Easter Island and Stonehenge are completely eerie - here's why
Our Earth is a scarred and beaten rock, a wounded place embedded with monuments to civilisations past that we can hardly fathom. Imagine if Egyptian civilization had been wiped off the map, and the Pyramids of Giza were left standing, with no records or context as to how they were made. They would baffle us so completely we may believe that they were alien spaceships pressed into the Earth.
The same is true of our modern world. If every person in New York died and aliens descended upon the United States, what would they think of the Statue of Liberty, a giant green woman bearing a torch, a crown and a book? That very same image sits at he end of the first Planet of the Apes film - the eerie recognition that our most cherished monuments, in some distant futures, may simply be alien remnants of a civilization that nobody understands.
That sensation of the eerie is what drives our feelings when we see statues as mysterious as the giant stone heads of Eastern Island, off the coast of Chile. The great stone columns and circle of Stonehenge in England are equally mysterious, both locations giving off the bizarre sensation that we're missing something, that we do not understand why these monuments exist in the slightest.
Cultural critic and political theorist Mark Fisher wrote an entire book called The Weird and the Eerie, seeking to explain why exactly it is that we so often find ourselves alienated in our own world. The eerie, Fisher claims, is "the sensation of nothing where there should be something, or the appearance of something where there should be nothing." Let's map these concepts onto Easter Island.
In the case of the giant stone human heads of Easter Island, their mere existence baffles us. Why, in this great great grassy island of little importance, are these great statues here? The inexplicable presence of something unexpected seems rather eerie.
Then, where there should be an explanation, or some kind of context for these heads, there is nothing. No civilization's written records explaining what these are, no ritual, no simple reason for these stone heads to exist. The same reasons apply to Stonehenge. We know something is there, but we just don't know why. But let's go deeper.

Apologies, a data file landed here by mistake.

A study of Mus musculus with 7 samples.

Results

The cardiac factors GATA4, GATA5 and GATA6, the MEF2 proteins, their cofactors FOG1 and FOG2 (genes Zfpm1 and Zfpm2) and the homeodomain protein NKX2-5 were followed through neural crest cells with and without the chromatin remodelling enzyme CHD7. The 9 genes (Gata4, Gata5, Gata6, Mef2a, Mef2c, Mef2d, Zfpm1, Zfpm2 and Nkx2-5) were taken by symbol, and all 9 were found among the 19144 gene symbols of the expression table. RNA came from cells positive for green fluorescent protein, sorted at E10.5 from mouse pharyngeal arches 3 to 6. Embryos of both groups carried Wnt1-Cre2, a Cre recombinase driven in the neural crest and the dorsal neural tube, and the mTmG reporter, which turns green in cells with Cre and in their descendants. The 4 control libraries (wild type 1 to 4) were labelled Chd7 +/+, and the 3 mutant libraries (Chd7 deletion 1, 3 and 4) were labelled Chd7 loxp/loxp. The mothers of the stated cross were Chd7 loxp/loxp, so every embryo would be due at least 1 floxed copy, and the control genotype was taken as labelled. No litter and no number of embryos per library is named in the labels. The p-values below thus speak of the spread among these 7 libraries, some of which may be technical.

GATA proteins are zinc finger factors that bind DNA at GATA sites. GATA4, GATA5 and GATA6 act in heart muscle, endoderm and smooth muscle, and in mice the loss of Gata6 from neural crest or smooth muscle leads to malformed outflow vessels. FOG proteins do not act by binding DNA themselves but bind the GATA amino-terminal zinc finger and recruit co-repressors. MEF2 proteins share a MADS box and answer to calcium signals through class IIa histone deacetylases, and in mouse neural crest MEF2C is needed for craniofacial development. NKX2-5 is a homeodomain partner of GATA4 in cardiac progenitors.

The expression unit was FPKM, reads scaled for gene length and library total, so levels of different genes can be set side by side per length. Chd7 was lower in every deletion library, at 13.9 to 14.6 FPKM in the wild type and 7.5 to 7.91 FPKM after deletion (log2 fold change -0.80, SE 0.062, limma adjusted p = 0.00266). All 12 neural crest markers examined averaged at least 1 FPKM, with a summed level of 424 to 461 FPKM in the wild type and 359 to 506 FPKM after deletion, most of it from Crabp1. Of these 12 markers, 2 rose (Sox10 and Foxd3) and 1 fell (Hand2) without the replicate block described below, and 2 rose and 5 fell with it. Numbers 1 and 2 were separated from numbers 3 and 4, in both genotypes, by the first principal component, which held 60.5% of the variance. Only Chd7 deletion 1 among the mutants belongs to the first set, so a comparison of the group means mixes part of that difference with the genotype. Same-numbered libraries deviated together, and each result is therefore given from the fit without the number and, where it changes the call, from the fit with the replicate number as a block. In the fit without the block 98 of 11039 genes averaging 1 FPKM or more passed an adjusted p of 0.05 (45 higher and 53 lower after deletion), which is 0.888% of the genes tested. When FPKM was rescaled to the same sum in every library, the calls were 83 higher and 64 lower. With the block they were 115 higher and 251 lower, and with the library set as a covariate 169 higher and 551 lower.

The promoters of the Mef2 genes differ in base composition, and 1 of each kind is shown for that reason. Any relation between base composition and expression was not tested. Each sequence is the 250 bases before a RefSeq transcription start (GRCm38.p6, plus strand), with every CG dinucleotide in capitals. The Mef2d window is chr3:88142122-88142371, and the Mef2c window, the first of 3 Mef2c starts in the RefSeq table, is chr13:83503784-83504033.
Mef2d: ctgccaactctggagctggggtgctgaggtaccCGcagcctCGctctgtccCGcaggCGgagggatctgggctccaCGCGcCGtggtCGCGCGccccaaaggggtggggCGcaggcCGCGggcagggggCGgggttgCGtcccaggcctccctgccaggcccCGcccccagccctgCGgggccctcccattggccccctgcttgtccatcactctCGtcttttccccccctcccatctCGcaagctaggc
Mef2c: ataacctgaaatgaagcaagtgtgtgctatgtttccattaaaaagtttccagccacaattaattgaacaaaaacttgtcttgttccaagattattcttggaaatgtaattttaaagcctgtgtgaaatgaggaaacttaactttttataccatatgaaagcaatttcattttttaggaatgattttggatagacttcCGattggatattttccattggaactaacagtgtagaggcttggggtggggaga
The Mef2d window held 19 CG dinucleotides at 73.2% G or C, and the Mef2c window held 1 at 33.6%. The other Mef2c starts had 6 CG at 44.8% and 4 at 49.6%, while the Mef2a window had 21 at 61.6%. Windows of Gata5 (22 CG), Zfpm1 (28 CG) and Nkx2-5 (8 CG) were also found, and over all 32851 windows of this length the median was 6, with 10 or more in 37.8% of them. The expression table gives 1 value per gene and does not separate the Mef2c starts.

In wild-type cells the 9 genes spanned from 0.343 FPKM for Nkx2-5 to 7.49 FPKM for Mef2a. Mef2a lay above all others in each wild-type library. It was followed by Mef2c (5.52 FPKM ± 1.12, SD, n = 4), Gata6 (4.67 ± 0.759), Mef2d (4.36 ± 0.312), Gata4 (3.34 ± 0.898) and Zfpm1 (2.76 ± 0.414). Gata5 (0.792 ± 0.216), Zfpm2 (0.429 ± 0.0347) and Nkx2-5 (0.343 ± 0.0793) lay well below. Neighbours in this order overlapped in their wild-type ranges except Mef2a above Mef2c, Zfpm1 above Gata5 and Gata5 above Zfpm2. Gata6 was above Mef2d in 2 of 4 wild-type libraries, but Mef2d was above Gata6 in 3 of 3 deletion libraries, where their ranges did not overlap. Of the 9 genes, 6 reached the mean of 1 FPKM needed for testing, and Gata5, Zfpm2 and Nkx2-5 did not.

It's not that we don't understand these statues themselves. As physical objects, they seem rather simple. A collection of stone arches and towers, or a giant sculpture of a human head. It's rather that the people who created them are completely unrelatable. We have no understanding of the type of people who would make such things.
Think back to the Statue of Liberty in Planet of the Apes - who would ever fathom why we, 20th century Americans, imported and raised such a thing? There's no way for alien civilizations to understand it, so they would ultimately feel the same way about the Statue of Liberty that we feel now about Easter Island and Stonehenge.
Humans want to relate to the ideas and intentions of others. If we can't understand those intentions, then the objects created by them just seem impossibly bizarre. They seem both weird and eerie.
The theories for the purpose of Stonehenge and Easter Island range, but some loose consensus has formed around the idea that they are both burial grounds. Thousands of people may have once been buried at Stonehenge, and the heads of Easter Island are monuments to dead people, a great raising of the form of the human head, a final send-off to their faces and appearance.
But this is still just speculation. There's no art history textbook about these monuments, no single answer for why they look the way they do, or are in the places they are in.
We just need the humility to understand that one day, our great statutes, from the Eiffel Tower to the Statue of Liberty, will also be seen as alien and unknown. They cannot speak for themselves - only our surrounding written records and recorded rituals can explain them. And that's a very humbling feeling.